Largely buoyed by the record-breaking sale of Peggy and David Rockefeller’s collection in New York last May, Christie’s announced today, 7 February, that sales reached £5.3bn ($7bn) in 2018, its highest ever total.
The 2018 results represent a 3% increase on 2017, which was always going to be a tough year to follow after Christie’s sold Leonardo Da Vinci’s Salvator Mundi for $450m, prompting auctioneer Jussi Pylkkänen to opine: “There’ll never be another painting that I shall sell for more than this painting.”
But, while US buying was particularly strong in 2018 (sales in the Americas increased to £2.7bn, up 9% , with American buyers accounting for 39% of global spend), Europe and the Middle East dipped 8% to £1.4bn (36% of spend globally).
Dirk Boll, the president of Christie’s in Europe, the Middle East, Russia and India, says the “Rockefeller effect” boosted sales in the US. “Clients like to go to the platforms they have read about as being successful. Some of our clients preferred the US over the UK, but this is an American situation, not a UK issue,” he stresses. The Rockefeller sale raised $835m alone—a record for a private collection at auction.
Brexit has brought a level of uncertainty to the art market, but Boll, who heads up Christie’s Brexit committee, believes the impending 29 March deadline for the UK to leave Europe has not been a factor in the decrease in sales in 2018. “It’s too early for the Brexit discussion, but 2019 figures will be interesting,” he says. “Our February sales are the biggest ever in London, so let’s see how that translates into results.”
He adds: “The relevant dates for us are payment days for both buyers and vendors. I should imagine European buyers will be paying fairly quickly and getting their works shipped before 29 March.”
Boll also notes that less than 20% of buyers in the London sales are from the continent, with most coming from London, the US, Asia and the Middle East. “People perceive London as an attractive marketplace this spring despite Brexit,” he says.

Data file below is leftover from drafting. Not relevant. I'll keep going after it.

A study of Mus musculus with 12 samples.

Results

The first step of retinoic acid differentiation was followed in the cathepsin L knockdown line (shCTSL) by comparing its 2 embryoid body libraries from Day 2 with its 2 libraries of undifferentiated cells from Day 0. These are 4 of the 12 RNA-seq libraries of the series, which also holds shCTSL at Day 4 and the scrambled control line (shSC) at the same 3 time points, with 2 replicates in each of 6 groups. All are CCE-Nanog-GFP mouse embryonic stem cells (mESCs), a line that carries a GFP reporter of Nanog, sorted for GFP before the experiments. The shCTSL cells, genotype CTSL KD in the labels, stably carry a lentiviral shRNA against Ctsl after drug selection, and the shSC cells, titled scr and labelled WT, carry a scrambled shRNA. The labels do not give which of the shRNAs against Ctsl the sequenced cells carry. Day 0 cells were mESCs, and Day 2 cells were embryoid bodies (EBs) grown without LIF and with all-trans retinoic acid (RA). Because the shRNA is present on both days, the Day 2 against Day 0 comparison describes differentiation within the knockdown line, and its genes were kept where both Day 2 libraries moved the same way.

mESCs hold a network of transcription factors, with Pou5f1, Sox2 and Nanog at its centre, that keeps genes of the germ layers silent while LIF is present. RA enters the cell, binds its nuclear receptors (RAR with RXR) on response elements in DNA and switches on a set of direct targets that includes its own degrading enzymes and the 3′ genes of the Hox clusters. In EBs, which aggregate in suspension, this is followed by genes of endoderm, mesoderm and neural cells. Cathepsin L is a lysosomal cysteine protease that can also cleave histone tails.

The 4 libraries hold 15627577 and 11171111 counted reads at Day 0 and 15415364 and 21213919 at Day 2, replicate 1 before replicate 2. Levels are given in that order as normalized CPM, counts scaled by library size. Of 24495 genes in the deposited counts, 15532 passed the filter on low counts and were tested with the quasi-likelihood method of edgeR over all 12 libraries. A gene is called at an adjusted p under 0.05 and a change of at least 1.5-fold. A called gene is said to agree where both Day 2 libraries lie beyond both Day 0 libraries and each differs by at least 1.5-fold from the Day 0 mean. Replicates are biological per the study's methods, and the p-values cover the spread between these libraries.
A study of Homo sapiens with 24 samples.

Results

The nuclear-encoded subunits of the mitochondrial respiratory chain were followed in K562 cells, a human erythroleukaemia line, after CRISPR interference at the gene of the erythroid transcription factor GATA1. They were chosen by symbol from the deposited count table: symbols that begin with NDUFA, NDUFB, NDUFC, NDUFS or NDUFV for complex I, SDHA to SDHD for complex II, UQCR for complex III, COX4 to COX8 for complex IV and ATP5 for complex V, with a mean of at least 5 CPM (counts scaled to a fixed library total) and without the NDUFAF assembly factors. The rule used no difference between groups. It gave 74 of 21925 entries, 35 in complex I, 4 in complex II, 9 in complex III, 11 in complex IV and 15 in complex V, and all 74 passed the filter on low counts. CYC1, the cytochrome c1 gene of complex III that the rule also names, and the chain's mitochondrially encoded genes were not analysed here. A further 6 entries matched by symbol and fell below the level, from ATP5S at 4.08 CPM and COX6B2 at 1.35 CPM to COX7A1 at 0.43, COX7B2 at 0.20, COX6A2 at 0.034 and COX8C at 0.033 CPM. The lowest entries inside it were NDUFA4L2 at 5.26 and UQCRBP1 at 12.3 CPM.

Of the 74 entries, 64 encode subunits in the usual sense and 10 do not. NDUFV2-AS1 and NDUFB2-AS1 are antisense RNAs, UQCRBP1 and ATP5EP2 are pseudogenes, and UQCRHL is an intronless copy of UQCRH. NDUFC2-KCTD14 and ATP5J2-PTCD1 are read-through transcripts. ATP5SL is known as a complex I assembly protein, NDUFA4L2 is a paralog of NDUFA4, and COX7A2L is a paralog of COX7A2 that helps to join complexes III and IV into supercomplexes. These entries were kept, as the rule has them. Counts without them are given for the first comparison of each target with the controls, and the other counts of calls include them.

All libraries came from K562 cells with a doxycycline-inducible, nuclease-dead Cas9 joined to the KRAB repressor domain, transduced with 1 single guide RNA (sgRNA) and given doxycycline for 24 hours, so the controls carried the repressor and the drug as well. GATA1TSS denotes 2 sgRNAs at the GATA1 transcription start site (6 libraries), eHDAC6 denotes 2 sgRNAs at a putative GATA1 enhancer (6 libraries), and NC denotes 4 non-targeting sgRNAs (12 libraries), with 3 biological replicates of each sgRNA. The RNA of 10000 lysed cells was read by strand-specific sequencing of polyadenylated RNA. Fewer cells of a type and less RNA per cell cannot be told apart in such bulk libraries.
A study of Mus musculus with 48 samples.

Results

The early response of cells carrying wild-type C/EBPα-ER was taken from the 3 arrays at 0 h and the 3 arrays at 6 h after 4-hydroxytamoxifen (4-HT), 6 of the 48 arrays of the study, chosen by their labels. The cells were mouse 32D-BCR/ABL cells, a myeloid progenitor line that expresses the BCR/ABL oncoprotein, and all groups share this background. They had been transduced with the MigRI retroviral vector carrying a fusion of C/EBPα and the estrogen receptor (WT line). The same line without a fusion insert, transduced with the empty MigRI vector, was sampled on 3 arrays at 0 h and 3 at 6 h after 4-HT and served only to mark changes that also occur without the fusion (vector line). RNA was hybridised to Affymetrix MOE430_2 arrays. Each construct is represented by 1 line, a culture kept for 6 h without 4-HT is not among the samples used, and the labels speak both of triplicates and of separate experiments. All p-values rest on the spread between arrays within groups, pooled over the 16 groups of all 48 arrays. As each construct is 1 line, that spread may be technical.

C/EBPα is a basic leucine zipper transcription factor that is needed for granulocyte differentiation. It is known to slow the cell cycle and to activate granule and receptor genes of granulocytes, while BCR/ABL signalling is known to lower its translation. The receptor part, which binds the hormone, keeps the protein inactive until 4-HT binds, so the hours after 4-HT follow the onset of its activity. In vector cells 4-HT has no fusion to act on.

Asia spending, meanwhile, continues to expand, albeit tempered by a slowdown in growth in the Chinese economy. “People have been a bit more conservative, but Chinese buyers are still very active,” Boll says.
Online saw the biggest growth: up 16% to £188.3m compared with £165.6m in 2017. Boll notes how online sales have been the number one recruiter for new buyers (41%). “What is great is that, in a relatively short period of time, they start a client journey and move into live sales in the saleroom,” he says.
At present, high value lots are offered in live sales as opposed to online, where most works are traded under $10,000. But Boll believes that gap will narrow “with the arrival of the internet natives in the coming years”.
Looking forward, Boll is cautiously optimistic. He says the decision to not replace Francis Outred and Loic Gouzer, two high-profile executives who left Christie’s at the end of last year, is not a matter of trimming the fat.
“Before we do an expensive hire from outside, we look at our own talent pool,” he says. “That’s what we did with Katharine Arnold and Cristian Albu, who have been promoted to co-heads of the department. It’s not about saving costs, it’s such an important department. It’s about the next generation.”
What does Boll make of Sotheby’s chief executive Tad Smith’s prediction that 2019 will be “more subdued”? “It’s absolutely impossible to predict, because something could be just around the corner, Mr Trump does or says something and whole markets follow,” he says.
He points to the discussions around global interest rates and the trade war between China and the US as among the factors to most influence the art market in 2019. “The bigger markets are always an indication for our market because money needs to be earned somewhere to be spent here,” Boll says. “In a modest way I’m confident. People will always buy art, it’s other things people tend to avoid buying at times like these.”
Meanwhile, last week, Christie’s competitor Phillips also announced its highest sales total to date, rising by 29% to $916.5m in 2018 from $708.8m in 2017, driven by sales of 20th-century and contemporary art. Auctions accounted for $794.3m of the total in 2018 ($625.4m in 2017) while private deals amounted to $122.2m, compared to $83.5m in 2017. Phillips’ chief executive Edward Dolman said in a statement: “Our strategy of focusing exclusively on the 20th and 21st centuries, our continued expansion in Asia, and our move to increase our Modern Art offerings have all played a role in our remarkable growth.”